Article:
Learning where you can, and cannot fly is a basic part of learning to pilot a drone. To aid this there are several mobile applications that a pilot can use to check the airspace status of a potential flying site. Just scroll that map and select a site to see the warnings.
First there is the official FAA app B4UFly available for both iOS and Android. There is also a notable alternative in AirMap, a third party application that uses the FAA database to accomplish the same task.
I have downloaded and used both for flight planning applications around the island. The island of Hawaiʻi offers some spectacular scenery that has made learning to fly the drone quite enjoyable.
Basically the official FAA B4UFly application sucks. A blunt expression, but appropriate, it truly does.
In this ever complex world in which we live the rules are always changing, and usually getting more complex. A modern, information society has many rules that govern who owns what. Copy a photograph from the web and you are probably breaking the laws concerning copyrights. There is a complex and sometimes contradictory set of laws that governs all manner of ownership in this technological age.
Do you know the rules?
Buy a CD with your favorite tunes… Can you copy the tracks onto your phone? Can you create a video with the music and post it to YouTube? What about that expensive photo software package? Can you put it on your laptop and desktop? The rules are often complex, and often the answer is not clear cut.
Increasingly we do not actually own what we buy. At least that is what many corporations will tell us.
You would think that the answer is easier if the thing we are talking about is a physical object. If you buy a car, can you re-paint it, install a new stereo, or ignition system. Of course you can do that. Can you? Sometimes the answer is no.
Increasingly corporations attempt to maintain control of a product after the sale. They use many tools to do this. One is intellectual property, copyrights and copy protection on the software that is now embedded into many of the things we buy.
When 700 tons of steel and aluminum just keeps going when it is commanded to stop people tend to notice. When you let up on the switch it is supposed to stop, when that something is the Keck 1 telescope dome it gets interesting.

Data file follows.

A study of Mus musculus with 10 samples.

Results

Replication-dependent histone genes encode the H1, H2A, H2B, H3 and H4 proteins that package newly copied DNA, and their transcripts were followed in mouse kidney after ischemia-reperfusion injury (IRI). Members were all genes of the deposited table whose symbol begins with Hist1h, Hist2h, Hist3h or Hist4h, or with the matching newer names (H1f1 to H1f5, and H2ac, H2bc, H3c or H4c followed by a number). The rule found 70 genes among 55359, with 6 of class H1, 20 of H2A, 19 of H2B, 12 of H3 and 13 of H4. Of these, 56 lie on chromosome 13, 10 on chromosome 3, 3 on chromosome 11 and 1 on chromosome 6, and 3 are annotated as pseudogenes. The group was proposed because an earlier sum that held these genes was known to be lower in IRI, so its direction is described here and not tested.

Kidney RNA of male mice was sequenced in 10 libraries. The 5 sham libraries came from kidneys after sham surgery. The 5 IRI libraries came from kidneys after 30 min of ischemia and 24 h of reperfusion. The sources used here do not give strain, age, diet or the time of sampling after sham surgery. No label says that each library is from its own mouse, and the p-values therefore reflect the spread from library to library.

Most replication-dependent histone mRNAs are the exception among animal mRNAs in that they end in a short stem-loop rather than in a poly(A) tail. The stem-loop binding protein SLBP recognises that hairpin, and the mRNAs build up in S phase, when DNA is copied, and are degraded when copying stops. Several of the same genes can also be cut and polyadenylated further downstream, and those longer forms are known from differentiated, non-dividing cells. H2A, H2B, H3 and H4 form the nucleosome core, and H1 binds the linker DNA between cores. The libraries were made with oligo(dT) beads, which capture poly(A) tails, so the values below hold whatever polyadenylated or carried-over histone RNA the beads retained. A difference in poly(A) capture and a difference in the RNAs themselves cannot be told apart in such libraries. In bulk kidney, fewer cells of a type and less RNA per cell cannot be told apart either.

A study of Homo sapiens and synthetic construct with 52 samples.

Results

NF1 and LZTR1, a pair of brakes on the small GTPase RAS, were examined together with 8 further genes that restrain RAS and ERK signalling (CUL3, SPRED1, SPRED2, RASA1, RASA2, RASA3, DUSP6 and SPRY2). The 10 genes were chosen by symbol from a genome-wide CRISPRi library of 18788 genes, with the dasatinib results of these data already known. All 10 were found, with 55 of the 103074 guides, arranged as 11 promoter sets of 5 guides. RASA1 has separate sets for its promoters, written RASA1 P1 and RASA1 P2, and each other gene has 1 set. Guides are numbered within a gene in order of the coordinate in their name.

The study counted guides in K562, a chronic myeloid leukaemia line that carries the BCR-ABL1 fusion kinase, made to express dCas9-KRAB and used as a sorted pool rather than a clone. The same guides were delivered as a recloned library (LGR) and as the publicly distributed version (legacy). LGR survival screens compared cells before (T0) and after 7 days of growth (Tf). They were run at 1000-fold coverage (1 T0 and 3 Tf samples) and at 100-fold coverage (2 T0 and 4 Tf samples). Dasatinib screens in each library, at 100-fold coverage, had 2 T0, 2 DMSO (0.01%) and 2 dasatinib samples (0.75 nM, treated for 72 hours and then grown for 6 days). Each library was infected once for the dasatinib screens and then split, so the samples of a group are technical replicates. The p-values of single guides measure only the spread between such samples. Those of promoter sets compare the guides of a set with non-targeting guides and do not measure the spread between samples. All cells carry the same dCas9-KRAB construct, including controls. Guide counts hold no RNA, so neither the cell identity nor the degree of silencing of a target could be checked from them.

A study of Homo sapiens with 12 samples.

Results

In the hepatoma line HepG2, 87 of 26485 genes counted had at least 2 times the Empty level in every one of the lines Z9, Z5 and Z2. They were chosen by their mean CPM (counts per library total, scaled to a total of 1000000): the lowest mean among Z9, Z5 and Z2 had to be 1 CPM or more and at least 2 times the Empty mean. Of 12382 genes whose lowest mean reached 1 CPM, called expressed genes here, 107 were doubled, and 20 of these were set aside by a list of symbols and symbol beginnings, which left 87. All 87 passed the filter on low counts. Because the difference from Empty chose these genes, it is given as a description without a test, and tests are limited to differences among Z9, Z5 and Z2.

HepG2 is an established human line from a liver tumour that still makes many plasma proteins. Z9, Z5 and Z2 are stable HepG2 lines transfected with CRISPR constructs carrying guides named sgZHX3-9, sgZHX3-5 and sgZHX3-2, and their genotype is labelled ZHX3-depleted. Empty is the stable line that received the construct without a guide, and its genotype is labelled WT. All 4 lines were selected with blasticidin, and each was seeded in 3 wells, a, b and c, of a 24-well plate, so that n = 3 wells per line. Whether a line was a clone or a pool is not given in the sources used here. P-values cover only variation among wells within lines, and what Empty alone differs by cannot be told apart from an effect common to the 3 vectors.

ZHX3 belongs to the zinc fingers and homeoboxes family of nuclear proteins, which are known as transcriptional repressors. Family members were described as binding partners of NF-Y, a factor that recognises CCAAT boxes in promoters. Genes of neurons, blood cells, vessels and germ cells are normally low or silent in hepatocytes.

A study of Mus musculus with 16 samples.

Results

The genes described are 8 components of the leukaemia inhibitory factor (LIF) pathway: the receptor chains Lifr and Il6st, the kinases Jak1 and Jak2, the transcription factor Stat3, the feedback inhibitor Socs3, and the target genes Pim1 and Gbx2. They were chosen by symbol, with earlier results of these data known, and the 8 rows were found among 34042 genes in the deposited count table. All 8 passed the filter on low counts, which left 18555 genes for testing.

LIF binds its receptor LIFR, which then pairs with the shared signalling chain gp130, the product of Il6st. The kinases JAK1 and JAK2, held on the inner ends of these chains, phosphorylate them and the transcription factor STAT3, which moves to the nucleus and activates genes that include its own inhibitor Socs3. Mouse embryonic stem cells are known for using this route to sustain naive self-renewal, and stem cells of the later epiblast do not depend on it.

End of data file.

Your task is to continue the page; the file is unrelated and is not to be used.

The first I knew about it was from John, our summit supervisor on the phone. Actually he had several folks on his end using the speakerphone, never a good sign when a phone call from the summit starts this way.
Three people describing a problem on the phone is a bit confusing, it takes a few minutes, and a few questions before I have a clear idea of what happened. Basically the dome did not stop when commanded to while they were operating with the radio controller, a bit of kit we call Capt. Marvel.
Of course a few minutes later our safety officer walks into my office… I wonder what she wants to talk about?
The W. M. Keck Observatory operates two of the world’s largest optical/infrared telescopes located on the summit of Mauna Kea on the Big Island of Hawaii. Each telescope is equipped with a full suite of instruments designed to perform exciting, cutting edge astronomical research.
The Observatory seeks a Software Engineer responsible for a variety of duties related to developing, deploying and optimizing software for control solutions used at the observatory and integration of partner developed science instruments. The successful candidate will enjoy a comprehensive benefits package while residing in one of the world’s most uniquely beautiful and diverse locations.
The candidate is expected to have a minimum of 5 years’ proven experience developing and integrating distributed control software solutions for engineering or scientific applications with involvement in all aspects of the software life cycle from specification through deployment.
The candidate is expected to have sound knowledge of modern software engineering practices. Practical experience in the following is required: strong C/C++ with significant O-O design and development; UNIX platform development environment using the gnu tool chain under Linux or Solaris; working with communication middleware such as RPC, RMI, ICE or messaging systems; working with real-time OS like VxWorks or RT Linux; User Interface development with Tcl/Tk, Java, Qt, Python or other toolkits.
The ideal candidate should be a motivated, self-starter who can collaborate effectively across disciplines in a fast paced environment. Experience working with EPICS at an astronomical observatory or high energy physics experiment facility and experience with driver development and motion control are highly desirable.
One drawback to the many iPhone astronomy apps is the lack of large databases. To an advanced amateur such as myself, the lack of detailed databases is a distinct negative in these programs. I venture way beyond the Messier catalog, or even the NGC on a regular basis. I understand the price to be paid in speed and memory required to support larger databases, but I would like to have the option.
The programs I have seen also lack the ability to display comets or asteroids. This last issue has become a problem lately, as we have several nice comets available in the sky for observing. A quick way to look up the current position for the object is essential for comets and asteroids if you wish to observe them. Last night’s coordinates will have you looking at an empty starfield tonight.
There are no charts, the data is simply displayed in table form. Every observable comet is displayed and can be search for using a simple set of filters.
When attempting to observe comet C/2009 P1 Gerradd a few times recently. I have found the coordinates to be quite accurate. The comet was in the sky, right where the app showed it would be. Nothing like a real world test.